Long John Silver was a scoundrel, but he had one thing right: there’s nothing like a good old treasure hunt.
If your son hasn't tried geocaching, summer is a great time to start. It’s easy, inexpensive, requires minimal equipment, and gets boys moving and thinking. If your family is new to geocaching, here’s what you needs to know:
In simple terms, geocaching is using a GPS device to find designated hidden caches. With millions of caches worldwide, chances are you have a geocache in your area, and probably even in your neighborhood. And chances are you’ve walked by it a million times without even knowing it.
Geocaching sprang to life in early May of 2000. The day after selective availability of GPS was removed, a man named David Ulmer decided to hide a container in the woods near Portland, Oregon and post the coordinates on a GPS users’ group. He filled the bucket with various books and videos, a pencil and a log book. He made one rule: “Take some stuff, leave some stuff.”
The idea took off, spawning groups and events all related to GPS treasure hunting. With the ubiquity of smartphones and geocaching-specific apps, the sport of geocaching has never more accessible.
Geocaching.com, the original home of geocaching, provides the largest access to caches worldwide. The intro app, which can be downloaded on a smartphone, is free. The upgraded app costs about ten bucks. You have to register a username, which will be used to log your finds. Other sites include Navicache.com and Todayscacher.com.
Once you have the app and are familiar with the rules, it’s time to hunt. Enter your zip code and look to see what caches might be hidden in your area. We found a half dozen geocache sites just within walking or biking distance of our home.
The search can be trickier than you think, since every GPS has a margin of error. The map will lead you to the general area, but you will have to do a good deal of hunting around. Geocaches can be almost everywhere: up trees, underwater, or, like the one pictured above, stuck with magnets under bridges or metal grates. And they can vary in size, from shoebox size down to smaller than a film canister. They are usually swathed in camouflage tape or spray painted to blend into the surrounding environment.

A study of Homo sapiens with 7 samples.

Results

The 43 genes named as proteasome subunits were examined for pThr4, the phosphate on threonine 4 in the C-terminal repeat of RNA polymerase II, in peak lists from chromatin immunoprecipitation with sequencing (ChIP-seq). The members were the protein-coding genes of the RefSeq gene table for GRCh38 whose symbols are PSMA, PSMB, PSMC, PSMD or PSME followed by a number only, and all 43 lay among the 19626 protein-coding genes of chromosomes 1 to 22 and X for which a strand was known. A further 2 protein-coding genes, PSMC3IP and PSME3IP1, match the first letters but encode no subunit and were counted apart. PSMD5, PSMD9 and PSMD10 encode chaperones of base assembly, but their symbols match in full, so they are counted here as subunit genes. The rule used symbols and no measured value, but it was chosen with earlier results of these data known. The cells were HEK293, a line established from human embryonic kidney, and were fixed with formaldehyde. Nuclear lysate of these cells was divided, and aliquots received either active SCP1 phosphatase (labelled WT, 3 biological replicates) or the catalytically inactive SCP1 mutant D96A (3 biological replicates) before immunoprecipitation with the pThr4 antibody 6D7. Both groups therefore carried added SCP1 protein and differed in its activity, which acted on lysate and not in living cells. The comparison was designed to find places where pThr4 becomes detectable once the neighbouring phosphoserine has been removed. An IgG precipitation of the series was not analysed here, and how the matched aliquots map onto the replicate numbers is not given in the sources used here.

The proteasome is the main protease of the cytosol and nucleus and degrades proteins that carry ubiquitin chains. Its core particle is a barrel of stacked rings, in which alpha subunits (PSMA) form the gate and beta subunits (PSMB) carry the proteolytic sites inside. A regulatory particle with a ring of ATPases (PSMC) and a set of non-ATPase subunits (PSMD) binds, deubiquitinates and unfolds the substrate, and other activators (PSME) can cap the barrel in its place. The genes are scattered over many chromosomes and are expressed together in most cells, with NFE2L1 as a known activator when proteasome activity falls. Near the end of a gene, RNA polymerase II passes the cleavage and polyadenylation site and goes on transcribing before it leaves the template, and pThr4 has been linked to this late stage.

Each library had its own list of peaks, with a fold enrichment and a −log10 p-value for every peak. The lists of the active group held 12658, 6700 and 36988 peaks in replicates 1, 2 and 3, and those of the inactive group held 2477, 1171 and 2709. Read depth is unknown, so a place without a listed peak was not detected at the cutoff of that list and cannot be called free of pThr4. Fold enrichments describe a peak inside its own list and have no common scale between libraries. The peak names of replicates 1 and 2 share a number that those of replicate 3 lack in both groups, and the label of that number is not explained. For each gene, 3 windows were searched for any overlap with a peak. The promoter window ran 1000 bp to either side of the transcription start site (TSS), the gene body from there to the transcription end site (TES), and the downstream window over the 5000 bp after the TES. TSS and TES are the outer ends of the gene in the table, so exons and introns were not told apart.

The app provides information about the size of the cache, and rates the sites according to terrain and difficulty. (I recommend starting with Easy.) The app also includes comments and clues from previous geocachers. Many of the geocaches have been around a long time. We discovered a geocache that had been placed seven years to the day from when we found it.
Once you’ve found a geocache, it’s time to discover what’s inside. Every geocache contains a logbook where you record a username and the date you found the cache. You can also update your find on the app and leave your own comments (without spoiling the fun for other geocachers.)
Besides a logbook and pencil, most geocaches contain inexpensive trinkets. We’ve found playing cards, plastic bugs, finger puppets, and even expired hotel key cards.The greatest find is a Trackable, essentially a geocaching gamepiece that can be logged and tracked as it moves from one cache to the next.
The rule with the geocaches is still the same: take one, leave one. If you plan to take something from the cache, plan on bringing along a few trinkets. We’ve left stamps, miniature crayons, and matchbox cars.
A few things to note: Read all the rules at Geocaching.com before you venture out. Also, pay attention to the specific instructions for each geocache site to ensure you’re not tromping on private land or disturbing a delicate environment. And of course, use common sense to avoid injury.
While there are plenty of urban caches (New York City is filled with them), geocaching is great because it gets kids moving, often out in nature or in historic places. In addition, geocaching can be physically demanding and requires a degree of skill and problem solving—all good things for growing boys. The hobby is entirely portable—you can geocache on family vacations (there's a geocache in Antarctica!) or on outings around town. Our local Target has a geocache right in the parking lot. It can be done as a family or with a group of friends, and encourages exploration beyond the normal confines of the backyard.
Mostly, it’s just plain fun to be a part of a global treasure hunt. It beats having to fend off any one-legged scallywag pirates with a penchant for mutiny. Although I'm sure that has it's own degree of excitement.